Queen Elizabeth’s relationship with Malta is one that the monarch has always remarked upon with warmth and fondness, with the Queen often describing the country as her “isle of happy memories”.
Between 1949 and 1951, while she was still a princess, Queen Elizabeth spent several months in Malta as a young naval wife and was, for the most part, less burdened with the weight that comes with the crown.
Her husband Prince Philip, the Duke of Edinburgh, was stationed by the Royal Navy in the Mediterranean, where he was second in command of the HMS Chequers, the leader of a flotilla of first destroyers based in Malta.
The princess first flew to Malta on her second wedding anniversary, where she came to meet her husband on November 20, 1949. She would go on to spend her first Christmas on the island that year, where she lived in Villa Guardamangia in Pietà, along with Prince Philip’s aunt and uncle, the Earl and Countess Mountbatten of Burma.
Queen Elizabeth was said to have had an active social life during the months she spent here. She attended gymkhana as well as the Saddle Club ball and amateur drama performances.
She even watched her husband play polo at the Marsa sports grounds. Leaving on December 26, she then returned for a second visit on March 28, 1950, and would go on to celebrate her 24th birthday, on April 21, in Malta, before returning to England on May 9.
Queen Elizabeth’s longest visit to Malta, while she was still a princess, was between November 25, 1950, and February 12, 1951.
Prime Minister George Borg Olivier threw a reception for the royal couple at the Auberge D’Aragon during this visit, where the princess was presented with a bronze replica of Antonio Sciortino’s Les Gavroches.
Returning to Malta as a Queen
While she made her final visit to Malta as a princess between March 19 and April 11, she would return to the island as a Queen on May 3, 1954, escorted by naval warships and proclaiming her arrival into the Grand Harbour with a 21-gun royal salute.
“Though among the smallest in size, Malta takes an honoured place among the countries we have visited. Indeed, throughout all the nations of the Commonwealth and of the whole world, the memory of her heroic stand during the war is still fresh,” the Queen said during her welcome address on the island.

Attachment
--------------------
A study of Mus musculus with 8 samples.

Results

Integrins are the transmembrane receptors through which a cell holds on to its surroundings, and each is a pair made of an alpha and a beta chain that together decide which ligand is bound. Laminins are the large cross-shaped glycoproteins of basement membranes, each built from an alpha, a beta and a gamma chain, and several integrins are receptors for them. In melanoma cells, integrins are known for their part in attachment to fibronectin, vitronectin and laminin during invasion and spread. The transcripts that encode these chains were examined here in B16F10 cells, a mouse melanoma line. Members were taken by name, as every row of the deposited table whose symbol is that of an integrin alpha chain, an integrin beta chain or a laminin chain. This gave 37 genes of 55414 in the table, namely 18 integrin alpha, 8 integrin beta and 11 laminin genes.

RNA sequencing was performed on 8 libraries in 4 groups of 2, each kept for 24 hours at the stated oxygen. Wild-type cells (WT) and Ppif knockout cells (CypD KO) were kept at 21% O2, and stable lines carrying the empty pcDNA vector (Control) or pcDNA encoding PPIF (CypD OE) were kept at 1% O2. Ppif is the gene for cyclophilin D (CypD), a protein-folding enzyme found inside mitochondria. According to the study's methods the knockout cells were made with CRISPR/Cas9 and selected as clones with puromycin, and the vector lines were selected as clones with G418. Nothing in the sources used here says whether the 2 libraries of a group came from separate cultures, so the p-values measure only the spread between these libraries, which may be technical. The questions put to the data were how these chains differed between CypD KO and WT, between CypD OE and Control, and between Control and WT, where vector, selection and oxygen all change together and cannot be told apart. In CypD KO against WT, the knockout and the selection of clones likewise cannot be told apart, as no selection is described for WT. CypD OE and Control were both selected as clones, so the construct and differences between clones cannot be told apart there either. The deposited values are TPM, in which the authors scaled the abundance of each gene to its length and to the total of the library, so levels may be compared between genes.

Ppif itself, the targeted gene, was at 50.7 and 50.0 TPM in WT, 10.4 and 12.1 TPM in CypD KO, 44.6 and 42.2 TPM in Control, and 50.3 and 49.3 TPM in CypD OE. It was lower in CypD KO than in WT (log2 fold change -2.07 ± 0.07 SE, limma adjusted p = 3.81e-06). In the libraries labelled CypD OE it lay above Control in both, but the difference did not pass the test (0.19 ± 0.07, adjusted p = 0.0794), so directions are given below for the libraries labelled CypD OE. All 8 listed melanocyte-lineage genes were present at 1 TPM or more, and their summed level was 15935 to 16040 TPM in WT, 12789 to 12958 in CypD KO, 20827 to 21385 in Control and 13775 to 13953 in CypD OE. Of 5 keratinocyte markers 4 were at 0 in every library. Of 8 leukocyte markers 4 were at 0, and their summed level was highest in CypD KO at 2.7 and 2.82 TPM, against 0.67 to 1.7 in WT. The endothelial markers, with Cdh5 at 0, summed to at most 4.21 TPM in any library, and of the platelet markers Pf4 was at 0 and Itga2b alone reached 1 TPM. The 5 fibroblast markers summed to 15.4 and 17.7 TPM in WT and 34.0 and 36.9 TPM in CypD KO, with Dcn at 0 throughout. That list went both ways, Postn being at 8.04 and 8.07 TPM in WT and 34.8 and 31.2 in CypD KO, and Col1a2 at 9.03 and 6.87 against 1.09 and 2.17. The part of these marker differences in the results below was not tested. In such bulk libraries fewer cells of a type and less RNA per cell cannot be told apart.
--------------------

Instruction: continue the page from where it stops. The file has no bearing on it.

This visit also marked Queen Elizabeth’s first visit to Gozo, where she unveiled the war memorial in Victoria. Her second state visit to Malta as sovereign came in 1967, where she was welcomed as Queen by a now Independent Malta.
'A moving experience'
During this visit, the Queen opened the Maltese parliament, presented new colours to the 1st Battalion King’s Own Malta Regiment and even visited the then-newly opened University of Malta campus in Msida.
In a message to Governor General Maurice Dorman at the end of the royal visit, the Queen said that it was a “moving experience for us to revisit Malta and Gozo and we have greatly valued the opportunity of seeing at first-hand something of the difficulties and possibilities which the future hold for you. [...] I send my heartfelt good wishes for the happiness and prosperity of all my people in Malta and Gozo”.
Queen Elizabeth would visit Malta again in 2005 and again in November 2007 with Prince Philip, on the occasion of their diamond wedding anniversary. The Queen’s final visit to Malta would come as part of the Commonwealth Heads of Government Meeting in 2015, where she paid tribute to the island, saying that its small size was no measure of the moral strength of its people.
She said she had “cherished” her time as leader of the Commonwealth, a role she has held for more than 60 years.“I feel enormously proud of what the Commonwealth has achieved, and all of it within my lifetime,” she said.
The Queen last visited her former home in Villa Guardamangia in 1992, and it has since fallen into a state of disrepair. Following the death of the last occupants of the villa, everything inside it was sold at auction and the property was put on sale for the eyewatering price of €6.5 million.
After years of clamouring for action, Villa Guardamangia was bought by the government in 2019 with a promise that it would be restored and opened to the public.